By Jason Davis – WASHINGTON, DC (Apr 2, 2014) US Soccer Players – Week 4 of the 2014 MLS season highlights one of the major officiating focuses outlined before schedule began. Prior to the season, MLS and PRO tell the clubs that referees will take a stricter view with some rules than in prior seasons. As with so any things in MLS, this isn’t something directly relayed to the fans. However, ESPN’s Alexi Lalas tweeted them from the MLS television meetings in February.
This season @MLS refs will be focusing on 6-second GK rule, holding in the box, offside interference and foul challenges.
— Alexi Lalas (@AlexiLalas) February 24, 2014
Holding and grabbing in the box will result in a called foul more often if only because referees are paying closer attention to that particularly brand of transgression. Because holding fouls occur on almost all interactions in the penalty areas, most notably on set pieces, 2014 should see a significant uptick in whistles resulting from holding and grabbing.
Though it probably doesn’t need saying, here’s a reminder that whistles on fouls in the box mean penalties. Penalties change games.
New York’s Richard Eckersley and Toronto FC’s Doneil Henry learned this lesson the hard way. Both players found themselves on the bad end of penalty decisions this weekend. In Henry’s case, it might not have played a significant role in the final score against RSL. Eckersley no doubt rues his decision to put his hand on Chivas USA’s Thomas McNamara on Sunday. If Chivas USA doesn’t get that penalty, and Erick Torres doesn’t fire it past Luis Robles, perhaps the Red Bulls secure three points in their home opener rather than settle for a late equalizer and a single point in the standings.
The question, in light of those penalty calls, is whether players across MLS heed the examples made of Henry and Eckersley. Neither did anything overly egregious, at least by the previous standards of general soccer and MLS play.
Henry’s battle with Alvaro Saborio was arguably a 50/50 situation, where both players were guilty of using their hands to restrict the movement of the other. McNamara sold the contact with Eckersley when both players moved to intercept a cross into the box just in front of the keeper. In previous years (forgiving the penalty records of the respective referees), it’s quite possible neither would be a foul at all.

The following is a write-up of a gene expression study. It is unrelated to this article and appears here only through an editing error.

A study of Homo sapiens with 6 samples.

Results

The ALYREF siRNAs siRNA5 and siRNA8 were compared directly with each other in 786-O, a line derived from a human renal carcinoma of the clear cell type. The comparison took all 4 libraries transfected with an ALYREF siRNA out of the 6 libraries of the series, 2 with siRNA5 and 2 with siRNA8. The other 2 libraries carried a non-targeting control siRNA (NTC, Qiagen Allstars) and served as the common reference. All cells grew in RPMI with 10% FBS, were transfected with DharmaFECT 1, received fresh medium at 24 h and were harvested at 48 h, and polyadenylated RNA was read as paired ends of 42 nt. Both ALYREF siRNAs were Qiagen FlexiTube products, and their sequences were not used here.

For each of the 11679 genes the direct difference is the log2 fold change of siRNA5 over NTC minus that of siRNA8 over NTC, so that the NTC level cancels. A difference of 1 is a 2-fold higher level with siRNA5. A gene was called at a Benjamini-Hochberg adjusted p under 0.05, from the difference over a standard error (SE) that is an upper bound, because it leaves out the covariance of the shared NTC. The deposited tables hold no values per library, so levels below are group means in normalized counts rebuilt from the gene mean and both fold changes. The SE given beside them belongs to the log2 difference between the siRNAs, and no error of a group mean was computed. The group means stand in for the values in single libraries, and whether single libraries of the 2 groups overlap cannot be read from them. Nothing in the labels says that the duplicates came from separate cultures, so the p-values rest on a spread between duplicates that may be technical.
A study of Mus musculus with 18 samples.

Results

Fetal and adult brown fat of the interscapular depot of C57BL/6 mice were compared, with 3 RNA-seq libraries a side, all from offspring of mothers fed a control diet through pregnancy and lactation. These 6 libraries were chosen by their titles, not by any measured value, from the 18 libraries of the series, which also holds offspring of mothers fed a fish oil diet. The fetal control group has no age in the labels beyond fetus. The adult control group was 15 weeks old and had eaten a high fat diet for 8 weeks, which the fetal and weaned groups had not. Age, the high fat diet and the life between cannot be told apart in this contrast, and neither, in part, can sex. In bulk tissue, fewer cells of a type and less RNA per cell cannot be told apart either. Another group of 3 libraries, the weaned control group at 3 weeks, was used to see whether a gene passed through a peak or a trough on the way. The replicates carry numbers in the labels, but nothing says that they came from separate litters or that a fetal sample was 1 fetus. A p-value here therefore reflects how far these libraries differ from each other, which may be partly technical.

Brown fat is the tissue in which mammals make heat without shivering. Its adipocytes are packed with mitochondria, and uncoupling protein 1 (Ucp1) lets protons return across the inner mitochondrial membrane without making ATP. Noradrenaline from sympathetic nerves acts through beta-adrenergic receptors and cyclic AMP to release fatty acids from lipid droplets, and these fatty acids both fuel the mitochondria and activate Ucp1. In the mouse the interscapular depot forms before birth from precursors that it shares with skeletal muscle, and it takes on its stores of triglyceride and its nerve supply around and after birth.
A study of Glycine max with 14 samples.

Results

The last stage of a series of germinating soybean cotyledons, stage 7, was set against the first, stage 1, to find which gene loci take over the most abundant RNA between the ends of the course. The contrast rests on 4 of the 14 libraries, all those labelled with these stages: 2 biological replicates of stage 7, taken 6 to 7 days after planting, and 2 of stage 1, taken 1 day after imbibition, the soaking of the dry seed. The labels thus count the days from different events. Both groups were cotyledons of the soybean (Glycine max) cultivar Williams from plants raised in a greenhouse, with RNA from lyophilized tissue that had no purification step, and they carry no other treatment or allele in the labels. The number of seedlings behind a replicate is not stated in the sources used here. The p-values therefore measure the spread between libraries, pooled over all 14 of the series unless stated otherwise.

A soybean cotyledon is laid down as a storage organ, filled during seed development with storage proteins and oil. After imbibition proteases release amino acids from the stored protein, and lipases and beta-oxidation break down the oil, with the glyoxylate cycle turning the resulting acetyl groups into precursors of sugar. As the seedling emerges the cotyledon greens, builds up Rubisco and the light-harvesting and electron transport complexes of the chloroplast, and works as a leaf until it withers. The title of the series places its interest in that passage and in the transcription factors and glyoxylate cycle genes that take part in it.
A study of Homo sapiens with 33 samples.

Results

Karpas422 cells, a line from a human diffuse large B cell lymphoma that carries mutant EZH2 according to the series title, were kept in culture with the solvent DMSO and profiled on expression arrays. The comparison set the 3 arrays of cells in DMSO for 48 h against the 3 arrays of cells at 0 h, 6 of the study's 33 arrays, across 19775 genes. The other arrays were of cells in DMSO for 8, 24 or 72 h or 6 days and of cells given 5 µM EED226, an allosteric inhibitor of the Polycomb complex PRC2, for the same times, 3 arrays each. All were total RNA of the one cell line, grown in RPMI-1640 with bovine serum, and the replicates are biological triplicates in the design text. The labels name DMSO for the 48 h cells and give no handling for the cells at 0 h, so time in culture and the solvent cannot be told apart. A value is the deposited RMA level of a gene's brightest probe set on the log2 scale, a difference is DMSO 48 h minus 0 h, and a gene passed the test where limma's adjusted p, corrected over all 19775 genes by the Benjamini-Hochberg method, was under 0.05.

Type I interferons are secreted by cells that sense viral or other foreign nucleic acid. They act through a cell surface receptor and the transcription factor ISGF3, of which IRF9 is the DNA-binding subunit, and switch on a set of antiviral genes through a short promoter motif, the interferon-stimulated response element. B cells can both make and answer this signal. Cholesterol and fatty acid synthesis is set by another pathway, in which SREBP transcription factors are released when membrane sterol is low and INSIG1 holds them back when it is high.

Too often, the refereeing focuses from season to season that trickle out from PRO and MLSHQ seem arbitrary or unnecessary. Giving extra attention to the 6-second rule, for example, seems strange. Why would it be necessary identify goalkeepers holding the ball beyond the mandated time period as an area of concern?
Throw it all under the heading of “entertainment”, and the belief on the part of MLS and its referee program they must step in to adjust their particular brand of the game. The focus on the 6-second rule is about cutting down on time-wasting and keeping the ball in player for a greater portion of the game. American audiences, perhaps more than almost any other version of soccer fans on the planet, are disinclined to accept the sort of blatant stall tactics that are de rigeur elsewhere.
Addressing the amount of grabbing and holding that goes on in the box is emblematic of the same mentality. The goal is to encourage offensive play, not award penalty after penalty. By zeroing in on grabbing and holding, MLS is working to change behavior over a course of time.
The actions of the Disciplinary Committee (which could be busy this week thanks to a handful of dangerous tackles) are part of the program as well. Simulation, ugly challenges, and violent off-the-ball actions make MLS less attractive than it could be. By giving the Disciplinary Committee such a prominent role in how the league shakes out week-to-week, MLS made a conscious effort to try for a more visually appealing League.
A few years on from the start of the DiscCo’s mandate, incidents of the type that injured Steve Zakuani and Javier Morales in that grim, reckless season of 2011 are less frequent. MLS is still a physical league, and there remain the occasional horror challenge that risks breaking legs or rending tendons, but the issue is no longer as pressing. Attacking players are subject to danger than before, even if consistent fouling is still a problem.
Does that mean that the anti-grabbing initiative to similar effect? Will the players learn, as they seemed to with the crackdown on potentially injurious tackles, that it’s simply not worth holding an opponent in the box to keep him from gaining an advantage? Perhaps, though the seriousness of the tackling issue makes grabbing and holding seem benign by comparison.
2014 could be the year of the penalty if players refuse to take notice. Spot kicks will change more games. The impact on the standings could be significant.
If this weekend is any indication – and remember it was only the second round played with the regular referees back on the job – the initiative put in place by MLS and PRO ahead of the season will be more than a bit of bluster. There won’t be any excuses available when the whistle blows and the man in the middle points to the spot.
Sometimes, it takes follow-through to change behavior. Sometimes, talking isn’t enough. Sometimes, the hard stick of discipline must follows the words of admonition, because without it, those words are only abstract noise.